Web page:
Why is the Korean Church So Important to the Korean-American Community? (I Made a Podcast!)


"When you come to a strange place, you need someone to help you. You need someone to talk to you and share your meals and your life and your job. So we need as a person, we need community, we need somebody other than yourself. That’s natural. We need each other."  - Barbara Park

During my first semester of college, I took a freshman seminar called American Soundscapes. In this class, we explored a variety of music in the United States and the diaspora and communities behind them. From traditional Irish music in Boston to North Indian classical dance in San Francisco and Arab music in Detroit, our case studies ventured to unexpected and vibrant nodes of culture.

In the seminar, my peers and I had the opportunity to engage with our studies outside the classroom.  I had the opportunity to attend my first Native American powwow, meet Syrian-American rapper Omar Offendum, and serve as a tour guide for student refugees during a visit to my college campus. Our final project continued this engagement: rather than write a paper or study for an exam, we were challenged to research an American community and create a podcast that delved into the role of music in that community.

Pretty early on, I knew that I wanted to do something with the Korean-American community. My mother is a Korean immigrant to the United States, but it was only recently, in high school, that I became more comfortable with my Korean identity. Today, I am so proud to be Korean-American. But in middle school, I felt embarrassed to bring "different" foods for lunch and look "different" from my majority-white peers. I tried to distance myself from being Asian and did not learn the Korean language-- one of my greatest regrets today. It was not until my junior year of high school, after I had consumed some media featuring Asian-Americans, like Jenny Han's To All the Boys I've Loved Before, and researched Asian-American stereotypes and political activity for an English project, that I questioned why my identity had made me feel so "other". As I have become older, I have developed a greater appreciation for my mom’s culture and language. I described my growth in my discussion of the importance of films like Crazy Rich Asians for young Asian-Americans.

My reflection on my identity as a Korean-American brought me to the Korean church. Although I did not grow up in a religious household, I'd attended a handful of Korean church services. My mom sought to connect with other members of the Korean community after our family relocated to new places. I learned that we were not alone: approximately 70% of Korean-Americans attend church regularly, according to Okon Hwang's "Korean Music" in the Garland Encylopedia of Music. For my research, I settled on the question, "Why has the Korean church become so central to the Korean-American community, both to the religious and nonreligious?" Through working on my podcast, I hoped to better understand the role of music in preserving the Korean culture and language while embracing aspects of my heritage that I once overlooked.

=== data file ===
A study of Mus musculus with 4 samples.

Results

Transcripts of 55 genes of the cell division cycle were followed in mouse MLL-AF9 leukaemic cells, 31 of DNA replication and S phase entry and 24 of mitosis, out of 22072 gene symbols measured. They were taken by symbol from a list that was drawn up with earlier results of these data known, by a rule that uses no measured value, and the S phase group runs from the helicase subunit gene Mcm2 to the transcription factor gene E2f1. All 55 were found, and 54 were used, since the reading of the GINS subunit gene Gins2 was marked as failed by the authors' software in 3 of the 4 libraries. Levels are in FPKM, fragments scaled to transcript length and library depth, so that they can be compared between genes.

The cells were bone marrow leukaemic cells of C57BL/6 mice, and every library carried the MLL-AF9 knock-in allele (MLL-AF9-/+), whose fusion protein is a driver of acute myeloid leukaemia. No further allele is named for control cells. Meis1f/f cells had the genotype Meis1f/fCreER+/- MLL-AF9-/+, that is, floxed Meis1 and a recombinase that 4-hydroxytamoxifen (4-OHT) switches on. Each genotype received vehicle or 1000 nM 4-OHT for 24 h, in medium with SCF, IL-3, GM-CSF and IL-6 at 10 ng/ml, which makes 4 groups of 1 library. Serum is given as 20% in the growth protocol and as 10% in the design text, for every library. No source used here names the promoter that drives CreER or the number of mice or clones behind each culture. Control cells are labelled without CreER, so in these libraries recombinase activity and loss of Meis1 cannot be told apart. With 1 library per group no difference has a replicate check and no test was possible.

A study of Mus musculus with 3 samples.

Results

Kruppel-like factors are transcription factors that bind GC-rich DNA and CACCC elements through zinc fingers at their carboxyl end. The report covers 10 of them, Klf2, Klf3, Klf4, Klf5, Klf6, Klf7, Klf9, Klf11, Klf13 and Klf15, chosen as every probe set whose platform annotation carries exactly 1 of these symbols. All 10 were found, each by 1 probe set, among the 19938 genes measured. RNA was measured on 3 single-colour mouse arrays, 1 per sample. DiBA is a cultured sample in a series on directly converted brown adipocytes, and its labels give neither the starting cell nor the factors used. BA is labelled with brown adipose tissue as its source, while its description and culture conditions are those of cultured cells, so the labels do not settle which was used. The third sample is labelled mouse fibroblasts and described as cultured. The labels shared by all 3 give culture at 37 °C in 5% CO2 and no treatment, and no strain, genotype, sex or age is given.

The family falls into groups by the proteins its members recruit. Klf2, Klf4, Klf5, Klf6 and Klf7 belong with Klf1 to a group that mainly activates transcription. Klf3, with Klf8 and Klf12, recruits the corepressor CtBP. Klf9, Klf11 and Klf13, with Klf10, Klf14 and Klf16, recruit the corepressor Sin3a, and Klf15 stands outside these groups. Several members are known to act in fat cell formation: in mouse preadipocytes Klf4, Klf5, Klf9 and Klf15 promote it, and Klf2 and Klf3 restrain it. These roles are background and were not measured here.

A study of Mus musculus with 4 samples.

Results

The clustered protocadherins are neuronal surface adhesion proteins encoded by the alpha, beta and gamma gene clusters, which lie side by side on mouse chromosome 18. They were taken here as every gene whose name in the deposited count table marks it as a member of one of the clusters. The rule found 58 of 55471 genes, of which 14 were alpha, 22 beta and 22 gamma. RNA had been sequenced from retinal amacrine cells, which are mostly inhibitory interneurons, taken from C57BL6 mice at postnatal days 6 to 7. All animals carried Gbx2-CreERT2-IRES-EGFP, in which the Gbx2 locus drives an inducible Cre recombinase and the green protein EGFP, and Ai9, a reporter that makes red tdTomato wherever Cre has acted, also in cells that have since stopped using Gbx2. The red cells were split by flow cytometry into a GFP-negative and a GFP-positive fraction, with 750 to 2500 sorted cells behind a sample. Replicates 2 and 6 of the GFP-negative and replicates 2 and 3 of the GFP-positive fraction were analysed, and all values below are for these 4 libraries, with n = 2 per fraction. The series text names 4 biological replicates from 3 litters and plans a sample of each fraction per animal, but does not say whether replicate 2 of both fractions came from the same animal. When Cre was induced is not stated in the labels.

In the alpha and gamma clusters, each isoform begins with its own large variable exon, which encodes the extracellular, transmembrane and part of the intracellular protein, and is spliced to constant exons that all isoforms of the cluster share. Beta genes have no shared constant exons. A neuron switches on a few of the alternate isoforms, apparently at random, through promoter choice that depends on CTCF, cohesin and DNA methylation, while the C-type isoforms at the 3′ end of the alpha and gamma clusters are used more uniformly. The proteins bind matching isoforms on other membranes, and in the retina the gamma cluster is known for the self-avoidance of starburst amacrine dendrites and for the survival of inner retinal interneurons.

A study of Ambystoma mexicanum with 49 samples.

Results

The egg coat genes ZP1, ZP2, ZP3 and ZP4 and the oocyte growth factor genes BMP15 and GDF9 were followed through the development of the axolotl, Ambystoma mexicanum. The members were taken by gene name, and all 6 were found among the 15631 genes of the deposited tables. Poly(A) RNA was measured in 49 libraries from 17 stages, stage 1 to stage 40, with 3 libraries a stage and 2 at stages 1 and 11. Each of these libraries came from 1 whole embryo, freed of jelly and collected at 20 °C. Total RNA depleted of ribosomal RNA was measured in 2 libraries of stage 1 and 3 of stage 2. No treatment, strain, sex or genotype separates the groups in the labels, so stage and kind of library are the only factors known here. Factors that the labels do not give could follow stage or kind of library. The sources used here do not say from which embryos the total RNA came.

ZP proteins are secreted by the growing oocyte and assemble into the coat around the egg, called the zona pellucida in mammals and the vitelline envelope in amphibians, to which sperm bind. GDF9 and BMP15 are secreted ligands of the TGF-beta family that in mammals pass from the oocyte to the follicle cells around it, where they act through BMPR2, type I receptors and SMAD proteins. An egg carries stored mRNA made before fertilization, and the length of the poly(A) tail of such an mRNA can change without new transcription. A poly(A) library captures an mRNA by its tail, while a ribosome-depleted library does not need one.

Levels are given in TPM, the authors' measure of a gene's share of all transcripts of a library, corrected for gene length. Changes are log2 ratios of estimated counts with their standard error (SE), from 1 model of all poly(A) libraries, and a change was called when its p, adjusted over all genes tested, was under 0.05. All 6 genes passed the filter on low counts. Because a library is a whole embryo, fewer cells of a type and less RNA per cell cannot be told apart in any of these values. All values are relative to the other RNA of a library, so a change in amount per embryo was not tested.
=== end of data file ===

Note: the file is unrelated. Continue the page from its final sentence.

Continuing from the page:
You don't have to look far to find a Korean church. Queens, New York City alone hosts over two hundred Korean churches, and I was delighted to bring my project to one local to my home away from college, in Central Pennsylvania: the Harrisburg Korean Presbyterian Church (해리스버그 한인 장로교회). In October, I interviewed pastor In-Ho Kang, choral director Young-Shin, and 80-year-old churchgoer Barbara Park to get their perspectives on the significance of the Korean church and its music to the Korean-American community in Central PA.
In mid-November, based on my preliminary research and interviews, I created a proposal for my podcast. I edited my podcast in the hectic finals season of December, pouring over audio clips between practice problems for my economics class and tired, sugar-fueled rants to my friends.

 I presented my podcast to my class before I headed home for winter break, but now I am happy to share my podcast with you. I hope you'll give it a listen, and join me in celebrating the Korean church community and its ability to endure and support. :)

For desktop viewing


  1. I am so glad you ended up taking such an enriching course your first semester. There are some amazing classes at W&M. I am not personally religious, but I can relate to trying to find a group of people to whom you relate to and feel a sense of belonging with. Getting in touch with your culture is an amazing goal. I can't wait to listen to the podcast, thanks for linking it!

    1. Thanks Erin! I am not religious either, but I think that's part of the reason why I found this topic so compelling. I was amazed to see how the church has become such an integral part of the Korean-American community, both to devout believers but also those seeking a sense of community in somewhere unfamiliar.